Can virtual schools benefit primary and secondary students?
Not every student can make it to a classroom. Time, location, and life commitments can make it difficult, especially for aspiring students who are also working full- or even part-time. Virtual schools are one answer to these difficulties. They're not just for mature-age students looking for new professional qualifications or pursuing an interest, either – they can help K–12 students and schools too.
What is a virtual school?
At its heart, virtual learning is digital. It uses online technology to deliver lessons, training and other educational resources to students for whom face-to-face teaching isn't available or practical. And it supports many different modes of instruction, from independent self-paced learning for students in remote locations through to highly interactive lessons where the student is in regular, real-time communication with teachers and other students.
Virtual schools and K–12 institutions
Virtual schools offer several benefits to K–12 students, teachers and institutions. They can provide:
Assisted learning: Virtual schools can provide unique ways to help students needing assistance. For example, virtual lessons that use game-based scenarios and visual presentations for students who have trouble staying focused or engaged in a classroom with other students present.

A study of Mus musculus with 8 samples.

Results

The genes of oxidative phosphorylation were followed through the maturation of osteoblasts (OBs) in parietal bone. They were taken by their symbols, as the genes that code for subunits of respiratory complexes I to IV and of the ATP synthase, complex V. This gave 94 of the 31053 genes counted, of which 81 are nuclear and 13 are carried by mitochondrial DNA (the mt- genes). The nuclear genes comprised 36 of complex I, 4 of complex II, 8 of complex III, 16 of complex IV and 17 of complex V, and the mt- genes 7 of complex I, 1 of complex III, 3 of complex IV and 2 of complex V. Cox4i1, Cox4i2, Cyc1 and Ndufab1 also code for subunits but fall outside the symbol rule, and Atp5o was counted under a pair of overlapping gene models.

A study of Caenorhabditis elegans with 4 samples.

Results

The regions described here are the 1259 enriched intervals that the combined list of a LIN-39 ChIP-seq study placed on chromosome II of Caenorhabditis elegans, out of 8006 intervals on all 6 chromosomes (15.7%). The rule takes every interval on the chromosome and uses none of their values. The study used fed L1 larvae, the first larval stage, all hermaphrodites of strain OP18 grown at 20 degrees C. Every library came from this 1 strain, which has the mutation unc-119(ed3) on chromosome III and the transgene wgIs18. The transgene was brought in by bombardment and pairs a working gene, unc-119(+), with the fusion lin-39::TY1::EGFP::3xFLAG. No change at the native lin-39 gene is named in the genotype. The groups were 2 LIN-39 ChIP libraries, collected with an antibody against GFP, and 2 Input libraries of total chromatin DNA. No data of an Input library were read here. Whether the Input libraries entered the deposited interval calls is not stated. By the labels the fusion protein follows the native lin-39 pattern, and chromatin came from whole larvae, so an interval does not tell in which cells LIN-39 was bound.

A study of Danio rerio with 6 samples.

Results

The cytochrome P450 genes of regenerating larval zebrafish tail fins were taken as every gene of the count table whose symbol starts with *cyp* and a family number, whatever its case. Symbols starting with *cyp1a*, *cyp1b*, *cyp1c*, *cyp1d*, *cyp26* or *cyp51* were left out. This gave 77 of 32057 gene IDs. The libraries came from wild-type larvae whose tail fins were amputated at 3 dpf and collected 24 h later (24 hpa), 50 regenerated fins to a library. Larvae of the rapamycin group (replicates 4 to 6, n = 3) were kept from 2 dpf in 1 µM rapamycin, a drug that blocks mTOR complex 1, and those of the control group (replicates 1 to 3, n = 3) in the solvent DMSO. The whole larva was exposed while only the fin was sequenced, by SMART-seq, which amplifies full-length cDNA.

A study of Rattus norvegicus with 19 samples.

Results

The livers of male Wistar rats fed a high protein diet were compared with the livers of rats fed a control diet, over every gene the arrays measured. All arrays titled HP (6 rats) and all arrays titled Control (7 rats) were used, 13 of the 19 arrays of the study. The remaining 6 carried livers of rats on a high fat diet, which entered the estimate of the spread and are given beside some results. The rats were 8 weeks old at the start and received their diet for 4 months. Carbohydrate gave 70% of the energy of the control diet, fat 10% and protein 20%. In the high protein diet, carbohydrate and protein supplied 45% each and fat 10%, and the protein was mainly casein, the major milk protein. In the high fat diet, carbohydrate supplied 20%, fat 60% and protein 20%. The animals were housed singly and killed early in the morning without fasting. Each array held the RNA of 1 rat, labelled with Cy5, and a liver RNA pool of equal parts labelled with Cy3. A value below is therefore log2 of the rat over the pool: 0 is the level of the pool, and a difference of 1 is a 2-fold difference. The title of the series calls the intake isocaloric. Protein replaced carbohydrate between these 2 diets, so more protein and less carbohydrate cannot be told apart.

Advanced teaching: Virtual classes can be ideal for students who want to take more advanced courses outside their regular daytime classes.
Distance learning: Virtual schools can provide digital learning content to students who can't travel to a physical classroom. This might include rural-based students and students with mobility issues.
Cost savings: Beyond the cost of a computer and internet connection, virtual schools are usually cheaper to run than traditional K–12 schools.
Virtual schools can also improve teaching quality by giving students access to near-infinite range of learning resources. These include online videos, digital libraries and virtual communities where students can connect and collaborate with local peers, as well as students from other countries and cultures.
Learning, relationships and virtual schools
One of virtual schools' potential downsides, in comparison to face-to-face teaching, is a lack of social interaction and difficulties creating a keen sense of being in a classroom for a shared learning experience. However, social media, video chat, collaboration platforms and even virtual reality technologies can put the student in a learning environment just as rich as a 'regular' school. Importantly, they can easily cultivate the strong relationships with teachers and students that make learning so much easier and more effective.
More and more students will make use of virtual teaching technologies and smart educational institutions of all types and at all levels will investigate how best to supplement their existing, real-world teaching strategies with some virtual assistance. After all, learning never stops, especially for those who must teach.